Most people like us, people who run businesses that rarely justify a full marketing team, find it extremely hard to market themselves.

It’s so hard to do that most marketing agencies tend to do very little marketing for themselves. Strange, isn’t it? Just like doctors who smoke (and I know a few of those).

The main issue with this problem is a legacy one. Professional services firms were mostly banned from promoting themselves in the past (and most still are locally), which made the market for marketers in the area a limited one.

But the root of the problem nowadays is a very different one, and one which very few people tackle.

Just like you would usually tend to get personal recommendations for professional services on a personal level, we do the same for professional services in a business setting.

You tend to choose professional service providers based on trust, and you can’t build trust using traditional marketing methods.

This has led to most businesses growing through two main sources of new business:

  • Word of mouth (recommendations from previous clients);
  • Personal connections (people who know and trust the business owner or someone who has enough influence on the business to matter).

You see loads of businesses do well using the two methods above, especially with businesses where the turnover of clients is quite significant – the more happy clients you have, the more likely you are to receive a recommendation.

Some people are just naturally gifted at articulating what they do concisely and effectively, making them especially well-suited to growing their business through their personal connections, too.

But what about the rest of us? We have to work at it.

So how can we short-circuit the process to grow our business more quickly than we would if we had to only rely on satisfied customers recommending us?

For our businesses to prosper we should work on building trust at scale.

This might seem daunting at first, but if you think about it, it is just what the professional service companies have been doing year after year. If you’ve never looked up McKinsey’s content, go and take a look, you’ll be impressed.

It’s easy to look at a brand like that and give up – after all, they probably pour millions into their content and we’re small businesses here, lucky if we can afford to throw a hundred thousand at a marketing problem – let alone a million, or many of them.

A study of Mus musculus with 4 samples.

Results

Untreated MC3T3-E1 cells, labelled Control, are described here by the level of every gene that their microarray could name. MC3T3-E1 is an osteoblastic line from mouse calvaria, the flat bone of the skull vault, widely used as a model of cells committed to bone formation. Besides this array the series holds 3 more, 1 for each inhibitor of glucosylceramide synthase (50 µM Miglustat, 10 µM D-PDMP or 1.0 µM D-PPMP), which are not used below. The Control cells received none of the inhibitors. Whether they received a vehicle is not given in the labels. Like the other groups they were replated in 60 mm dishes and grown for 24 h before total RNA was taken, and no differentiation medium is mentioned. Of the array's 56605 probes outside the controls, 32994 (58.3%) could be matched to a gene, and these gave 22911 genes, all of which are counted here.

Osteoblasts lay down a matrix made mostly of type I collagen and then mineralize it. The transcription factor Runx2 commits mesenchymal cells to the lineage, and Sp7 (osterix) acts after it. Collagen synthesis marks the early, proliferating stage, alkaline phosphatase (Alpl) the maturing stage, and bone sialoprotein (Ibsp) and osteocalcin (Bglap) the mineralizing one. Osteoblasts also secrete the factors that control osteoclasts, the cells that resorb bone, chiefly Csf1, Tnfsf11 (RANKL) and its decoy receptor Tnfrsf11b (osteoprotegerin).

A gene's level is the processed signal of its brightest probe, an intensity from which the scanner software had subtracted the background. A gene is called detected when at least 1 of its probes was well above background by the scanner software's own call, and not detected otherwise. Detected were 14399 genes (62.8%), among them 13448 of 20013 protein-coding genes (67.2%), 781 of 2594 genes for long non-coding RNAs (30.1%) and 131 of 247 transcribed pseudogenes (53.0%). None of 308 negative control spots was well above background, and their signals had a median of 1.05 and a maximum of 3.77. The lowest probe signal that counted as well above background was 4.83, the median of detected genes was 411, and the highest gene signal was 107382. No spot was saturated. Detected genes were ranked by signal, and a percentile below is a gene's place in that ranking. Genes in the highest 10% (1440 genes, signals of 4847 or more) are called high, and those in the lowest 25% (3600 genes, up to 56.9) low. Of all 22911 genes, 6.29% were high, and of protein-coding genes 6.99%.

But we don’t. We can build trust by making a concerted and consistent effort to share our thoughts and insights about our subject matter.

Doing so only takes three simple steps:

  • Ideas
  • Execution
  • Consistency

They sound simple, and if you look at them at face value they are. But I find that they are the kinds of tasks that we all like to procrastinate on. Once we get down to it, we realise that we were far more scared of the process of working on them then they deserve. You could outsource all of this to a B2B agency like ours, but if you have the time and patience, you can start working on it yourself, too.

Ideas

If you’re good at what you do, then I’m pretty sure that you’ll never run out of ideas. There are little bits and pieces of your job that you do with a level of peculiarity that sets you apart. Deconstruct these and talk about them. There are movements in your industry that your prospects should know about. There are best practices, and the implications of not following them. I’m sure that if we put you in a room with a three year-old they’d ask you a hundred questions about your job, your work, your industry and everything around them. Answer these questions.

Execution

People find writing hard. Very hard. But it shouldn’t be. Someone once taught me a trick, and every time that I’m stuck I apply it. Start an email and imagine that you’re explaining whatever you want to write about in an email to one of your clients. Ideally someone you like. It’s much easier to write for an audience of one than it is to write for a thousand.

Consistency

This is the hardest part. We tend to think of marketing when we’re not busy, but then we put it on the wayside as soon as work flows in. This inherently builds a business that works in ebbs and flows, because if we don’t have any work coming in when we’re busy, then we’re going to have to pass through a quiet period while we build an order book once again. Build processes that force you to keep an active presence no matter what.

And in the end…

I’ve purposely left out specific tactics and channels because these will vary from industry to industry. So will cadence, the kind of content you put out, where you put it out etc. What counts is that you show up, you show authority, and you do it consistently. It becomes easier. I promise.